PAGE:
A Black Country manufacturer has switched from making mirror housings and bodykits for MG Rover to beer taps for the brewing industry.
Asdec faced severe problems with the collapse of Longbridge which accounted for 70 per cent of its business.
But the firm, which employs 17 people at its base in Kingswinford, has bounced back with new orders with other automotive suppliers and moving into new markets.
Asdec, which sprays decorative external components and finished metalwork, is now supplying beer taps for a brewing chain as well as office furniture. It has also invested in a new plant and upskilled its workforce to take on more work.
Peter Hughes, who owns the company, said: "About 70 per cent of our business was with MG Rover and the loss of that work knocked a £500,000 hole in it.
"But now we are expanding again and getting in more work than before.
"We have increased our workload by about 50 per cent, cleared our losses and things are looking up."
Despite the demise of its MG Rover business, Mr Hughes said the company was never close to calling it a day.
He said: "Every day in business there is a danger of going under, but we never thought of closing down once.
"The end of Longbridge wasn't a surprise, although it was still very sad. We knew it was coming, we expected it to happen and had some actions in place."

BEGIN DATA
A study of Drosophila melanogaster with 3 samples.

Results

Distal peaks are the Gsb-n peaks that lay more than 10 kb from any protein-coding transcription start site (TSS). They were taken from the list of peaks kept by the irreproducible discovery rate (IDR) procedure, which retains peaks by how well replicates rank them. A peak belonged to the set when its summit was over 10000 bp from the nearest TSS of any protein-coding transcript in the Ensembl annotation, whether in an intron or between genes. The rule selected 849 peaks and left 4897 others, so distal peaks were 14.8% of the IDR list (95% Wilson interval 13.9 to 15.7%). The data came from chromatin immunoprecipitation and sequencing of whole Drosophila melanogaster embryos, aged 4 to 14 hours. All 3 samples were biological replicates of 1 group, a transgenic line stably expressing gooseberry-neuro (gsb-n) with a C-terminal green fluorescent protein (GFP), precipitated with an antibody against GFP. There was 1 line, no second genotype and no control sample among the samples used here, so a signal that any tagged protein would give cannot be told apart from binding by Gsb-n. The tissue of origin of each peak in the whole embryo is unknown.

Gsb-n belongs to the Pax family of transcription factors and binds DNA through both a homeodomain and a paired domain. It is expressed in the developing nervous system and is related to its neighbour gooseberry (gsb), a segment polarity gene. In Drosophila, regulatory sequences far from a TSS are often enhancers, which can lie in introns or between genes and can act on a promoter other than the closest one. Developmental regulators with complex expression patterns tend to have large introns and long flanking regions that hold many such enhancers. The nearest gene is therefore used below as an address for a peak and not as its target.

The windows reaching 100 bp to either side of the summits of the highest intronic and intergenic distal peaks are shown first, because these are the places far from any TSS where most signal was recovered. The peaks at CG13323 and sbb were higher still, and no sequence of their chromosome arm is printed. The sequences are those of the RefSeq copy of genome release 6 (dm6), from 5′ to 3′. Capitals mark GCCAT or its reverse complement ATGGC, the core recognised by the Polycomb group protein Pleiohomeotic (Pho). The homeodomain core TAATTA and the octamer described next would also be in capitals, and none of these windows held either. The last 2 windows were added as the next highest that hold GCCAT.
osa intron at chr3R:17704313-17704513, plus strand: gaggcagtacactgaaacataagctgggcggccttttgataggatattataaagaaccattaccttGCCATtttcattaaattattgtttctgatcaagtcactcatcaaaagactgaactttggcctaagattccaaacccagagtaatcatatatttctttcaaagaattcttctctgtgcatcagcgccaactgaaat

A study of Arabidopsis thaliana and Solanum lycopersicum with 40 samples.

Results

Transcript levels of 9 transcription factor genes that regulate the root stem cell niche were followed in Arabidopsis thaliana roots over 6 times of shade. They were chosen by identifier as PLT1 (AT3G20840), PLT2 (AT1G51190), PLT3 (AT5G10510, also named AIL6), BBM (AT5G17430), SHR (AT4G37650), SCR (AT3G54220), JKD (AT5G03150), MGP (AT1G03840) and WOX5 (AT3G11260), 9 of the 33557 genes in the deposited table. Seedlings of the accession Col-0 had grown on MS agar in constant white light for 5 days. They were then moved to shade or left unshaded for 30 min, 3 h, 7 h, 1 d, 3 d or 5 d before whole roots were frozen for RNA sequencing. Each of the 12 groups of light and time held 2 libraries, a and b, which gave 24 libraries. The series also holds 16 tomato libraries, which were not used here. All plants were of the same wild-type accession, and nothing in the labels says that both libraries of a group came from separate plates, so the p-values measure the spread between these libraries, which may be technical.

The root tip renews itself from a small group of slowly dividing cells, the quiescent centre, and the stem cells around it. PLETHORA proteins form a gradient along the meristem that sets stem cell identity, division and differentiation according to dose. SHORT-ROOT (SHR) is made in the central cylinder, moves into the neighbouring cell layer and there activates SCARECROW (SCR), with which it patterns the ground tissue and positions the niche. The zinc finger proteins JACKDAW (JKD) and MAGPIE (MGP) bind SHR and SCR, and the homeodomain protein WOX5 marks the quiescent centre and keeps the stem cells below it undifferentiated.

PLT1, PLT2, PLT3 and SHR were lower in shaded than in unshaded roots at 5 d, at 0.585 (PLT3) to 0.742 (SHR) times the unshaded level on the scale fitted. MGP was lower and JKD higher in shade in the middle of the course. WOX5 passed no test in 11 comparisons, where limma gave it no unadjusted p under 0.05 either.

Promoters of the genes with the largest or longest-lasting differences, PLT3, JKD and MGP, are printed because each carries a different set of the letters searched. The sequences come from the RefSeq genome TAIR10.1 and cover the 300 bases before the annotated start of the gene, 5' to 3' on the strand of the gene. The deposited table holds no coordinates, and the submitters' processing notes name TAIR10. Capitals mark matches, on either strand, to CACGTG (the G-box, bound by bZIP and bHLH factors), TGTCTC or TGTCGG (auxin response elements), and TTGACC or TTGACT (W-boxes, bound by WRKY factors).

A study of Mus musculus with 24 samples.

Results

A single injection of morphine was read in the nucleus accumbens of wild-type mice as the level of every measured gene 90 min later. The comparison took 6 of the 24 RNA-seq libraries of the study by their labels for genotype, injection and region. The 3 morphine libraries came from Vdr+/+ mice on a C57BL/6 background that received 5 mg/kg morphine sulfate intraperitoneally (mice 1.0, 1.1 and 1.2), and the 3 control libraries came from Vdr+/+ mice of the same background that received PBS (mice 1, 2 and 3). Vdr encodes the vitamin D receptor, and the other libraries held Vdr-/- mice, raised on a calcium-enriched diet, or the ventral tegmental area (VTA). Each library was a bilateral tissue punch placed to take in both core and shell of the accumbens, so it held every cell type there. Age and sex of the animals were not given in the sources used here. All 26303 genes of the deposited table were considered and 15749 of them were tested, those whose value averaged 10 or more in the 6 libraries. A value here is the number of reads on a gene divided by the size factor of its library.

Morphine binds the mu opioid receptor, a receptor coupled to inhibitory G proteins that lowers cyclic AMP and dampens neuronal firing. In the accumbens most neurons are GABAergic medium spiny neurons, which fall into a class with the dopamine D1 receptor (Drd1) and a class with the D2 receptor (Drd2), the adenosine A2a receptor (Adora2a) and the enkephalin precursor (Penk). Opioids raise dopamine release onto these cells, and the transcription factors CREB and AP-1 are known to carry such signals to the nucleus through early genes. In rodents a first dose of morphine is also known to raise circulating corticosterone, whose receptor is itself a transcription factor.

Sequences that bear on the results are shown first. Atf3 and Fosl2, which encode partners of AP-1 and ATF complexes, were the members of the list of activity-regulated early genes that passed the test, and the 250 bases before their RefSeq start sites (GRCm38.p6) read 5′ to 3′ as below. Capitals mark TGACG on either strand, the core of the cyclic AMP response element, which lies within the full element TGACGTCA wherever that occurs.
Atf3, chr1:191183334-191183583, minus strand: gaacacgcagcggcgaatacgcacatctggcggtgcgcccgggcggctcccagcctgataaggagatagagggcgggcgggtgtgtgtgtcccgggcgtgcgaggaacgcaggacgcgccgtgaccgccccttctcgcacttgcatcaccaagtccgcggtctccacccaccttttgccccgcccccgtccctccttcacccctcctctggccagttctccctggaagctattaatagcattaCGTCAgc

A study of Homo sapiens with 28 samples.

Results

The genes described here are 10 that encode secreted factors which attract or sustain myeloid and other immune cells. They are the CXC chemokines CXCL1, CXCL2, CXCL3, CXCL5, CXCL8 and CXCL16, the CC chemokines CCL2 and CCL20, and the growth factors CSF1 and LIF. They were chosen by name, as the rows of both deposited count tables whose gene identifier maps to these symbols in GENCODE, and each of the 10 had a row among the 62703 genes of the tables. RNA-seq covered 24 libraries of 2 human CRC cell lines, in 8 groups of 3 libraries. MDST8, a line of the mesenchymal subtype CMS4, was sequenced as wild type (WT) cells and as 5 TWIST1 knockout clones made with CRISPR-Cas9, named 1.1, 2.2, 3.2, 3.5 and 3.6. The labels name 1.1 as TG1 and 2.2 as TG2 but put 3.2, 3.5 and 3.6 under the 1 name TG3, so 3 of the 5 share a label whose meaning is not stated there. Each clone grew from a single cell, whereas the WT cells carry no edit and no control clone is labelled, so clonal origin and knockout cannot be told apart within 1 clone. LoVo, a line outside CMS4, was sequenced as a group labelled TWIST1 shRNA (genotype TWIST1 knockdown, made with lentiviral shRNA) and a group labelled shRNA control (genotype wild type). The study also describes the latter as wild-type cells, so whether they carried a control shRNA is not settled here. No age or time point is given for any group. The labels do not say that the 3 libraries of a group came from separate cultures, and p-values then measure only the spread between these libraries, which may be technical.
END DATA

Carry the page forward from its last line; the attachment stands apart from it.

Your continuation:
The company is owed £88,000 for components supplied to Longbridge, but Mr Hughes said he expected to get nothing back.
Asdec received help from the Rover Taskforce to cushion the blow of the lost Rover work, with the company accessing the wage replacement scheme which meant it did not have to lose any staff.
Mr Hughes said: " We retrained many of the staff to do different manufacturing, to be more flexible so we could do different kinds of work.
"Now we have new automotive projects with second tier suppliers, providing painted parts for people selling to other OEMS,
"We are also spraying parts for the brewing industry, and painting castings which are used for beer pumps. It is good work and our standards and competitiveness from the automotive industry puts us in a good position.
"Because of the rigorous standards of the automotive industry, the transition has been fairly seamless.
"This has contributed to replacing the lost Rover work and we are projected to be getting close to £1 million sales again."
The new directions followed by the firm mean it is less dependent on the automotive industry.
Asdec and its sister companies MHL Automotive - which supplies consumables such as tapes and aerosols - and Electroflock, a maker of flockcoated glove boxes, have diversified.
Mr Hughes: "Altogether we are a group of about 45 people, working in different areas which makes us more robust.
"Everyday when you are a supplier you have to do something new. This was an opportunity to upgrade from being a general operative to becoming highly skilled spray painters."
Asdec has also spent £20,000 on new equipment, while it is exploring possibilities in the white goods market and the medical sector.